The Big Question: Can Jets ace chemistry?

May, 4, 2010
5/04/10

The Jets' headquarters in Florham Park, N.J., will feel like the Justice League of America with all of the stars they've collected.

[+] EnlargeSantonio Holmes
Bill Amatucci, Jr./Diamond Images/Getty ImagesSantonio Holmes is one of the big-name acquisitions the Jets made during the offseason.
To Jets fans, the stars seem like superheroes ready to conquer the Legion of Doom (aka the New England Patriots) once and for all. In every area of the Jets' locker room will sit a player who has been an All-Pro. A few are on track for the Pro Football Hall of Fame. Quite a few youngsters seem like they can be special players.

To fans of opposing teams, the roster seems like an obnoxious gathering of talent.

But anybody who ever has read a comic book knows there's no such thing as invincibility. The Jets have their kryptonite, and it's their own chemistry.

The Jets have introduced some big personalities (running back LaDainian Tomlinson, receiver Santonio Holmes, pass-rusher Jason Taylor, cornerback Antonio Cromartie) into the locker room, while subtracting proven leaders and contributors (leading rusher Thomas Jones, Pro Bowl return man Leon Washington, habitual Pro Bowl guard Alan Faneca, kicker Jay Feely).

Mixing up behaviors and egos can be dangerous. Many of them are short-timers expected to be around for 2010, a fact that increases the volatility.

"I think every year is a different team anyway," Jets coach Rex Ryan said. "The chemistry issue is what it is. When I look at our offensive chemistry, I look at the fact that basically we're replacing two starters: Thomas Jones and Alan Faneca. Last year, for instance, on defense we replaced four starters and nine players overall. How'd that chemistry work? Best in the league."

But the Jets didn't add players like Cromartie and Holmes, players given up on by their former teams despite their abilities. Cromartie's off-field problems are legendary. Holmes will begin the season with a four-game suspension for violating the league's substance-abuse policy.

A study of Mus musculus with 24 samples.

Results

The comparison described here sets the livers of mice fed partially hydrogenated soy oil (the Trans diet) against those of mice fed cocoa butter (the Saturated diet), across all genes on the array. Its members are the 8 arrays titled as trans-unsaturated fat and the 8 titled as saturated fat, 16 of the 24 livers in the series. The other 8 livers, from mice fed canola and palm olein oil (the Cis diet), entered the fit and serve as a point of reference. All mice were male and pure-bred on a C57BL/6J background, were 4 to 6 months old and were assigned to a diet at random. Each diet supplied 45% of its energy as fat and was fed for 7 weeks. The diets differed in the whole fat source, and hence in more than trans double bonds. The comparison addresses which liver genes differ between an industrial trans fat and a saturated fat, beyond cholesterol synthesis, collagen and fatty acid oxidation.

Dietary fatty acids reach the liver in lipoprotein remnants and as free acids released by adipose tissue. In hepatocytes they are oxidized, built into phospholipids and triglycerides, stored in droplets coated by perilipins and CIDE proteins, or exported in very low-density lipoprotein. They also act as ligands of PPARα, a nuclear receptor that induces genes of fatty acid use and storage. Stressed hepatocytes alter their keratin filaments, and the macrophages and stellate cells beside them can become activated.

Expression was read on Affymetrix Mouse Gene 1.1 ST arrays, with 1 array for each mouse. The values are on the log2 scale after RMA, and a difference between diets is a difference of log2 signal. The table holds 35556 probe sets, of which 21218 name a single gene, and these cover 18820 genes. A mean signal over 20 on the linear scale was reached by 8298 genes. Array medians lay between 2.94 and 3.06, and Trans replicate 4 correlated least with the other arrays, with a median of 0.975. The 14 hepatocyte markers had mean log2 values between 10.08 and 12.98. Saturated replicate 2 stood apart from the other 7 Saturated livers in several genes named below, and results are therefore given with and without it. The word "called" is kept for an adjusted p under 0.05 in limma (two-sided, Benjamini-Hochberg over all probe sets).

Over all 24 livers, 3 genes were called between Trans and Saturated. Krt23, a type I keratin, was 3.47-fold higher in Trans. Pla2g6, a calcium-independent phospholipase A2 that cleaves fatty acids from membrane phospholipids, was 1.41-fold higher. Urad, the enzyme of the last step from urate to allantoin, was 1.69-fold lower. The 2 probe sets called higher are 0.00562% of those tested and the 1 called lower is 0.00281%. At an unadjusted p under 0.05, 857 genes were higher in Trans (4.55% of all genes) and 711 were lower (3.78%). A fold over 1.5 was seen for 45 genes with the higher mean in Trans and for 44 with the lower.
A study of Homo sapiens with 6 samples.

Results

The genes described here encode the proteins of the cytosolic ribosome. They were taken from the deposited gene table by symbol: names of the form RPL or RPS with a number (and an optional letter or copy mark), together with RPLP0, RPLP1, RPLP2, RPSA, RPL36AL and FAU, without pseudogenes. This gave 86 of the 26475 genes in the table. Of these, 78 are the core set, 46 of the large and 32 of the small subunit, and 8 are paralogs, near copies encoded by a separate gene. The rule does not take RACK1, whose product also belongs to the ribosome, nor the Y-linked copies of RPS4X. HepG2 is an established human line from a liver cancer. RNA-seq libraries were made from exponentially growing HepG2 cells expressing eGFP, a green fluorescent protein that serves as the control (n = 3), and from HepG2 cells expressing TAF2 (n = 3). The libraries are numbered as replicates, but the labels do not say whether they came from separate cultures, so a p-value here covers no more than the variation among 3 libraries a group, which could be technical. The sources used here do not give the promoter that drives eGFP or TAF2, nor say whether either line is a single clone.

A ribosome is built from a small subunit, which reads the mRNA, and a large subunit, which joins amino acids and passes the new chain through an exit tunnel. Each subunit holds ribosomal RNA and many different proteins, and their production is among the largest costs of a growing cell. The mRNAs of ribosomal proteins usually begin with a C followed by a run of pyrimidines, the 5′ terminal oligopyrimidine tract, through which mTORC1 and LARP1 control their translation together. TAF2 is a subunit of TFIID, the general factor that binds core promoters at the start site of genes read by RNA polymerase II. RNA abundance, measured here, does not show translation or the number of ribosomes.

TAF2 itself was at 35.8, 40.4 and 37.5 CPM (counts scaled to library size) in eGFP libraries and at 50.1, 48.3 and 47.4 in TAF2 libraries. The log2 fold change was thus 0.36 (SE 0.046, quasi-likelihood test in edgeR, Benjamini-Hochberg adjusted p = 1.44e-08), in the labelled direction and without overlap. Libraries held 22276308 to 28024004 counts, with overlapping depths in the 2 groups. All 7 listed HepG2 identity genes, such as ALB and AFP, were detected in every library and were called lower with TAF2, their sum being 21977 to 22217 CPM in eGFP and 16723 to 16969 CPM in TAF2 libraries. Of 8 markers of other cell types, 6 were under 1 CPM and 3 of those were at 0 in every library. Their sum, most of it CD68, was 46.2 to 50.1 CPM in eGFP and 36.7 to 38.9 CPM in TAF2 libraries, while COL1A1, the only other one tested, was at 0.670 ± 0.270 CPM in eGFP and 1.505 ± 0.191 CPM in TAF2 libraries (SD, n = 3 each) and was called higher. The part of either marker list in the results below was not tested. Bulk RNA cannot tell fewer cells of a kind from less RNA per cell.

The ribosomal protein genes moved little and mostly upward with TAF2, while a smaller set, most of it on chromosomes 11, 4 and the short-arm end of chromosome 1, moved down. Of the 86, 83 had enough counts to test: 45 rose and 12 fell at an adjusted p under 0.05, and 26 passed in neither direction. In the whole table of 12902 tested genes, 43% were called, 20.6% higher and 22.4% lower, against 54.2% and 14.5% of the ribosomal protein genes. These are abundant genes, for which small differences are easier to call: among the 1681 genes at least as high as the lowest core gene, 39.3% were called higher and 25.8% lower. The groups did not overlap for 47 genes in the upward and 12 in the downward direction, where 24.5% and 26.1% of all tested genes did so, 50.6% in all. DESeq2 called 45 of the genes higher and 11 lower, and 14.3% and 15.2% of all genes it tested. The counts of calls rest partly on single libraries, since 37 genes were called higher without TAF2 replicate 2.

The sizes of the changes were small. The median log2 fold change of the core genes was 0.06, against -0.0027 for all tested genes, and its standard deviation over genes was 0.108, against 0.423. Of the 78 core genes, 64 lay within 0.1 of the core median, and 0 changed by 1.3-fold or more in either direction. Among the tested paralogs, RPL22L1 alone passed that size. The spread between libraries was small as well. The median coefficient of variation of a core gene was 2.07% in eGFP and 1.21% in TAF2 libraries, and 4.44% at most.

And players such as Jones and Faneca were pillars in the locker room, significant reasons why the Jets were able to pull off the transition from Eric Mangini to Ryan. Tomlinson and Taylor will need to help make sure veteran leadership doesn't slip, but that's not always easy for a newcomer to accomplish.

"Am I worried about team chemistry? Absolutely not," said former Ravens defensive coordinator Ryan. "I don't worry. My teams are always going to play hard. All I've got is my history to go back on. ... The only thing that never worked out was that we were going to compete for that Super Bowl, and we never had that opportunity. That's our mission right now.

"I expect it to come together. I really do. If I was just wanting to stay status quo and have a team that's easy to coach and bringing that team together, you'd never get rid of those kind of players. ... Quite honestly, there are a lot of factors going into things when you bring people in. That's what we did.

"I came here to win. I never came here to be average. Again, I know when it's all said and done, I'm going to be held to those standards. Did you win? Did you deliver a championship? I'm man enough to go for it where a lot of guys aren't. We'll see what happens."